I really hate the word ‘wonk’, but in recent years I’ve become a history wonk. So my current bedtime reading has been the newly updated Seventh Edition of The Israel-Arab Reader, edited by Walter Laqueur and Barry Rubin (Penguin: 2008, ISBN 978-0-14-311379-9).
The book is simply a collection of relevant documents from the Bilu Manifesto of 1882 to President Bush’s statement at the Annapolis conference on November 27, 2007, arranged in strict chronological order. In these days when rewriting history for political purposes is not only common, but apparently is seen by many as a legitimate academic enterprise, I find a dip into the cold water of actual facts refreshing before going to sleep.
For example, take the British White Paper of 1939 (p. 44) which first reaffirms Britain’s commitment under the Balfour Declaration and the Mandate to provide for a Jewish National Home in Palestine, and then continues as follows:
Although it is not difficult to contend that the large number of Jewish immigrants who have been admitted so far have been absorbed economically, the fear of the Arabs that this influx will continue indefinitely until the Jewish population is in a position to dominate them has produced consequences which are extremely grave for Jews and Arabs alike and for the peace and prosperity of Palestine. The lamentable disturbances of the past three years are only the latest and most sustained manifestation of this intense Arab apprehension. The methods employed by Arab terrorists against fellow Arabs and Jews alike must receive unqualified condemnation. But it cannot be denied that fear of indefinite Jewish immigration is widespread amongst the Arab population and that this fear has made possible disturbances which have given a serious setback to economic progress, depleted the Palestine exchequer, rendered life and property insecure, and produced a bitterness between the Arab and Jewish populations which is deplorable between citizens of the same country [my emphasis].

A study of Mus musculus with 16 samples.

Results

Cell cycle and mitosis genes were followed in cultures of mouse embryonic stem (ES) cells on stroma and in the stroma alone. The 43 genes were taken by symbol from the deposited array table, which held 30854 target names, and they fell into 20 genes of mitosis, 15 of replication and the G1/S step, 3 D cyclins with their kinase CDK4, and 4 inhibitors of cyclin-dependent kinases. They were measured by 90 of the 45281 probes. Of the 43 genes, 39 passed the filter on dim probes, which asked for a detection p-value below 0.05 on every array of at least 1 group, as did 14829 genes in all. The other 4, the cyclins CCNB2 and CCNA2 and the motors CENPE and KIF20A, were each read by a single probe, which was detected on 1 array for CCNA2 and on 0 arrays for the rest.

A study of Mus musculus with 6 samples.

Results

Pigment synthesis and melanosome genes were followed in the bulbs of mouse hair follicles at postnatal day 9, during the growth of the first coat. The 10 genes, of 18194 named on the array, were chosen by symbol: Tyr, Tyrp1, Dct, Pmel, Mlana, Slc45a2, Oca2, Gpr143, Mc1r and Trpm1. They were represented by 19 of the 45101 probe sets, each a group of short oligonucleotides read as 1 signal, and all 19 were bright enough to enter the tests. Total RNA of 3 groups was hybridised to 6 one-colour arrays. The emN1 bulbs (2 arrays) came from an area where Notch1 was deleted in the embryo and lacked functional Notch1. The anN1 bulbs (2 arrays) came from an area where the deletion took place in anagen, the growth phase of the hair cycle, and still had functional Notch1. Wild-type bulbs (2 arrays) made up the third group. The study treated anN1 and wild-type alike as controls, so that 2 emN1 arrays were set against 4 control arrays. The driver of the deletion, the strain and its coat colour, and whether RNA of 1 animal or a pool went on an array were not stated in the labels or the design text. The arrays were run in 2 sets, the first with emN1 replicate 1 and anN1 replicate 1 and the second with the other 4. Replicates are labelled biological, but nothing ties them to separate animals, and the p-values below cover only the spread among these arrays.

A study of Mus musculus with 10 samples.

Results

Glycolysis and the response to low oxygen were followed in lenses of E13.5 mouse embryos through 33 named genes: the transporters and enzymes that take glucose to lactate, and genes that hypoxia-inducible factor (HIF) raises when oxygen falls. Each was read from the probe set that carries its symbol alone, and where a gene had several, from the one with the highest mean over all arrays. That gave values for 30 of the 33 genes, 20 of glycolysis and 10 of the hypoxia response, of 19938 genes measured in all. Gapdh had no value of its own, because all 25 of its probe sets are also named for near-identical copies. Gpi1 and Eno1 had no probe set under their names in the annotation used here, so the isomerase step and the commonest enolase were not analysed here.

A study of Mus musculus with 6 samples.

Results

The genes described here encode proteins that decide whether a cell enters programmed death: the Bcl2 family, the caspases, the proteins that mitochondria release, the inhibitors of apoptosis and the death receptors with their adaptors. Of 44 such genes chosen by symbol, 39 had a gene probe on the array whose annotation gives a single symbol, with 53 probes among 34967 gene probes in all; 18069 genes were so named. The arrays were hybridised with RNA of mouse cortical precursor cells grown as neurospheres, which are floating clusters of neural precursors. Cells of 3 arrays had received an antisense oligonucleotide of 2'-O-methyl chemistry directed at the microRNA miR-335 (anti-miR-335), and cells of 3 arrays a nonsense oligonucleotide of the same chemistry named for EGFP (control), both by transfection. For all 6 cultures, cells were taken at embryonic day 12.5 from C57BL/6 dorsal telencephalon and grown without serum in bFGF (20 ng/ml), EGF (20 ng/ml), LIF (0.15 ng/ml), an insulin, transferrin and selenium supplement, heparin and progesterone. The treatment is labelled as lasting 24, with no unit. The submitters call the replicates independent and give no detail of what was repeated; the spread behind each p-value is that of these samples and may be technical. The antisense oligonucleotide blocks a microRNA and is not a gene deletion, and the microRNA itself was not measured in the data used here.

In other words, unhappy Arabs respond with riots, terrorism and violence. Sound familiar? So the British, while ‘deploring’ the violence, decided to solve the problem — by stopping immigration:
For each of the next five years a quota of 10,000 Jewish immigrants will be allowed on the understanding that a shortage one year may be added to the quotas for subsequent years, within the five year period, if economic absorptive capacity permits.
In addition, as a contribution towards the solution of the Jewish refugee problem, 25,000 refugees will be admitted as soon as the High Commissioner is satisfied that adequate provision for their maintenance is ensured, special consideration being given to refugee children and dependents…
After the period of five years, no further Jewish immigration will be permitted unless the Arabs of Palestine are prepared to acquiesce in it [!].
Like Chamberlain’s famous capitulation to Hitler in the previous year, Britain chose to make a ‘practical’ decision instead of a morally correct one. And people wonder why the phrase “perfidious Albion” is still current!
I highly recommend this book, which may be read at any time of the day.